YES: From No to Yes by G. Ackman

Word: YES
Word Count 498

From No to Yes
by G. Ackman

“Do you believe?” the costumed tour guide asked. Phil scoffed and mentally said “absolutely not” but kept silent. This “fun” ghost tour had been his wife’s idea. Ten o’clock at night before they board a cruise ship tomorrow and he would rather be back in the hotel room, munching on peanut butter cups and falling asleep to the History Channel. That was his idea of a vacation. But Belinda looked so happy and that made it worthwhile – almost. Two hours later, Phil was exactly where he had wanted to be earlier, except that now his feet were sore.

The beginning of the cruise went well. It was the night of the second day that changed everything. He woke up in the middle of the night and needed a smoke, so he put on his jeans and headed to the Lido deck smoking area. There were only a handful of smokers there and he nodded pleasantly to a few of them. They became a de facto club on board a cruise ship – the outcasts of Lido deck. Two cigarettes later, he thought maybe he could fall asleep again and headed back to his cabin.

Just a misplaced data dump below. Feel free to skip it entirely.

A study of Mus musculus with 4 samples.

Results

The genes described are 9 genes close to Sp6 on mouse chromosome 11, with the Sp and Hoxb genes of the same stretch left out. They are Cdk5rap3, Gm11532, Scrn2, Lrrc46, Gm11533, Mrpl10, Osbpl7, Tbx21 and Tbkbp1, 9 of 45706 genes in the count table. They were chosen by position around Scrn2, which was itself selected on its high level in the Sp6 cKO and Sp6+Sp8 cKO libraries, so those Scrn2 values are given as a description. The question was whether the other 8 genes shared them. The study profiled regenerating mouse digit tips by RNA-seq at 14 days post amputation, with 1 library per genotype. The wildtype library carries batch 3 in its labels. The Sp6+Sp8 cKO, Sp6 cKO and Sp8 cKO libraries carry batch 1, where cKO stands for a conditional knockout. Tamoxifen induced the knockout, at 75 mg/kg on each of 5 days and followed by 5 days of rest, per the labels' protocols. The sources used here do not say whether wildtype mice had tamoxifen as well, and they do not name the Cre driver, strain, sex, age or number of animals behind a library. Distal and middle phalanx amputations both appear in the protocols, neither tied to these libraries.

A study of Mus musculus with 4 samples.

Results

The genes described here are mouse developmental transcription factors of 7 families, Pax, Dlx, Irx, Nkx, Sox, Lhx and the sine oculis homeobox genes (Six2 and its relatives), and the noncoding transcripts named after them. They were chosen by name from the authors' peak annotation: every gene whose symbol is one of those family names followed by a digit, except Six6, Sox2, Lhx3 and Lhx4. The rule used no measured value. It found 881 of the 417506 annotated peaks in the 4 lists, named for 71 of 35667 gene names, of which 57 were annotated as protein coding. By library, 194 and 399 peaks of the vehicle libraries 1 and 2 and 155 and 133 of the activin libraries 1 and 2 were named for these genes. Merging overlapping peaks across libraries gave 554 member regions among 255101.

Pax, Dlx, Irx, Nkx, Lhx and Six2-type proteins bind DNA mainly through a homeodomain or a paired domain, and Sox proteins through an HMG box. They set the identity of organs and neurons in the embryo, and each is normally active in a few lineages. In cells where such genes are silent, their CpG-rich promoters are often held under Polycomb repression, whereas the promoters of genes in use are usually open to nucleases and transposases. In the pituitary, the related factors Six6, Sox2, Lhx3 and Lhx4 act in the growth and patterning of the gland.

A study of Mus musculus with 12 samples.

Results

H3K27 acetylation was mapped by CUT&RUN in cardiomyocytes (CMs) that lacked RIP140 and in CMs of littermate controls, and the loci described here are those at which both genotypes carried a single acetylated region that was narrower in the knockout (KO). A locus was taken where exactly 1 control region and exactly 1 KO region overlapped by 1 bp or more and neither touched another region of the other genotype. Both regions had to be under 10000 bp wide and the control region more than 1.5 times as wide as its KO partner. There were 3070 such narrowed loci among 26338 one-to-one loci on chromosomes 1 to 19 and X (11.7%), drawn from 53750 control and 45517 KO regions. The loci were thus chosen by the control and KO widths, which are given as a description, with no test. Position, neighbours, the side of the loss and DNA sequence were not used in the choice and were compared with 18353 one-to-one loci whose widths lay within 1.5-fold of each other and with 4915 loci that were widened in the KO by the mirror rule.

It was foggy, but that was not unusual at sea. He headed down the starboard side of the ship, looking for the door that would take him to the elevator down to the main deck where their cabin was. He knew he had gone too far, but he didn’t remember seeing a door anywhere. The fog was heavier now, settling on his shoulders like a moist cape. He could hear the rhythmic brrrrummmm of the ship’s horn sounding every five minutes. His own visibility was down to less than twenty feet. He did not like this feeling of disorientation. Every noir movie he ever watched flashed through his mind and he half expected to hear clicking heels coming up behind him.

Up ahead a darkness took form. He couldn’t quite make it out, but it was near the rail. Was it a person? No, it must be a winch for the lifeboats. No, it was a person standing at the rail. Great. He could ask where the passage is. He quickened his steps. As he got closer, he could see that it was a woman in a cocktail dress and hat standing on something with both her hands on the rail and peering over the side. Why would she be looking that intently at the dark water nearly 100 feet below? Before the sight even fully registered in his mind, she jumped up on the rail, looked sadly at him, and then fell backwards into the water. He screamed. Suddenly the deck was filled with people. Crew members took over and a search began. Seven hours later, they told him that everyone was accounted for and he must have mistaken what he saw. But he knew – she had been there and she had fallen overboard – years ago.

“Do you believe?” Yes, he most certainly does.